Thursday, December 20, 2007

Like riding a bicycle

They say you never forget how ride a bicycle once you learn how to do it.

The last time I rode a bicycle was almost 10 years ago. So when Siva invited me to join them at Changi Village for a two-hour cycling trip, I hesitated.

But he assured me it would be, in his words, a "lame duck ride".

No jostling with traffic on the main roads; a leisurely pace on the park connector between Changi Village and East Coast Park. Nothing strenuous.

The only thing I'd have to be prepared was for a stiff bum.

He was right.

About the pace and the stiffness.

But nothing prepared me for the downpour at 9am. The weather forecast predicted showers in the late afternoon but I guess the winds shifted since the last time I checked the NEA website.

It wasn't a bad thing though.

There's something to be said about riding a bicycle in the rain, near the coast.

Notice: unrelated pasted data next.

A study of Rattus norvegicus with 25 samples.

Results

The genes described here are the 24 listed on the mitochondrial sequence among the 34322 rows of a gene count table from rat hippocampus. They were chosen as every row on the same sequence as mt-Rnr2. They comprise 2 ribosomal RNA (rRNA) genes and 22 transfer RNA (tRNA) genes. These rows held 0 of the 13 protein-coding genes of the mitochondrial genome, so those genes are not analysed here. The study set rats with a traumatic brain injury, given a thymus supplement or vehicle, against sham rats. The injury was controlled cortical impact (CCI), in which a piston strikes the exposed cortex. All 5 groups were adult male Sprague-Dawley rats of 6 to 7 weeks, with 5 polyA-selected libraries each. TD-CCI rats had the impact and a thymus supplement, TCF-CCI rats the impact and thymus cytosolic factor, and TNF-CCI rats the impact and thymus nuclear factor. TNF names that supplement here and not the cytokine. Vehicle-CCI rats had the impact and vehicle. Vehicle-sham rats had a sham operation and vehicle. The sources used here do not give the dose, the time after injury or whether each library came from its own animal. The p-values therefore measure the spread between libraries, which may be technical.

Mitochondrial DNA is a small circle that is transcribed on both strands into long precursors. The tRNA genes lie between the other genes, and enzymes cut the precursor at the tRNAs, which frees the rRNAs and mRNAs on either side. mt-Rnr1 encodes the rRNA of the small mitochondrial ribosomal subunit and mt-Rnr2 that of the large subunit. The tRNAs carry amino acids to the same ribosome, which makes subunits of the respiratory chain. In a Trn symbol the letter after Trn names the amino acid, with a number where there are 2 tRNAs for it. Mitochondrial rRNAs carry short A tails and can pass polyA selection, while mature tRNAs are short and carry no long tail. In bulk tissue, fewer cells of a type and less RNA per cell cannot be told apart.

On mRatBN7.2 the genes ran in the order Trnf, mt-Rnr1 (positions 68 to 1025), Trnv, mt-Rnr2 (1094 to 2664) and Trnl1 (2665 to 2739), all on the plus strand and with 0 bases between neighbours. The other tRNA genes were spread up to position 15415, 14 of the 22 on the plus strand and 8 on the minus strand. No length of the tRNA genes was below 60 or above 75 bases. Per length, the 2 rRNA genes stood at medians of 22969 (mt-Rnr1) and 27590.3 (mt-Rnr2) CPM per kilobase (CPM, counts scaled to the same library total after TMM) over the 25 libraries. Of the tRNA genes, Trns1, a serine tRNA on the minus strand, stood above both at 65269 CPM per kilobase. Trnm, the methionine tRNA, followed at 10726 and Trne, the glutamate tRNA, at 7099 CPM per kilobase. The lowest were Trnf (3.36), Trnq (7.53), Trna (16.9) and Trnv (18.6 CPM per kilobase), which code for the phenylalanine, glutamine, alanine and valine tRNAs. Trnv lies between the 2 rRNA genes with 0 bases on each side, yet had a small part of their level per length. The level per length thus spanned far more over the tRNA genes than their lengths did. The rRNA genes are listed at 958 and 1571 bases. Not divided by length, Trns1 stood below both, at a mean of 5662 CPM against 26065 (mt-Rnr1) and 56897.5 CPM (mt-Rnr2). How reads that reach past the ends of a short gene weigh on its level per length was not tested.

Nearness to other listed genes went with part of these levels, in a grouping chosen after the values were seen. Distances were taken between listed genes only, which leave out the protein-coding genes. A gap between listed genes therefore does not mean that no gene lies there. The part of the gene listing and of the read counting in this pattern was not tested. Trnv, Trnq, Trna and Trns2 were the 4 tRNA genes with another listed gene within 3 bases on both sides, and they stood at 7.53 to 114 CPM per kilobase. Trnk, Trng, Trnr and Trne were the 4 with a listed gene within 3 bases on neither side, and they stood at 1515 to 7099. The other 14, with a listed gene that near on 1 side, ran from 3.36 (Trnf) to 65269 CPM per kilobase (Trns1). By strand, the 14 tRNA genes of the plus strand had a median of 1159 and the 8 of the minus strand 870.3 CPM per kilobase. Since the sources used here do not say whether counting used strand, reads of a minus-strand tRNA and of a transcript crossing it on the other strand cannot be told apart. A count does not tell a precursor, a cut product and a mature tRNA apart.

Wind in my face. Rain, tasting faintly of salt, tapping out a staccato song on my helmet. Getting soaked from helmet to socks.

Soggy feet.

The one thing I dreaded most. But turned out I didn't mind it that much.

I guess the anticipation of soggy feet was worse than the sogginess itself.

Finally, that hot drink at the end of the ride. Feeling the warmth permeated the chill in your bones, your spirits buoyed by the company of nice people.

There's also something to be said about riding a bike after a long hiatus.

I was surprised, and delighted, that my mind and body remembered how to balance on one. Even down to the coordination in the shifting of gears.

Oliver Wendel Holmes, Jr. said, "Men's minds, once stretched by new ideas, never regain its original dimensions."

Perhaps there's something similar about riding a bike too.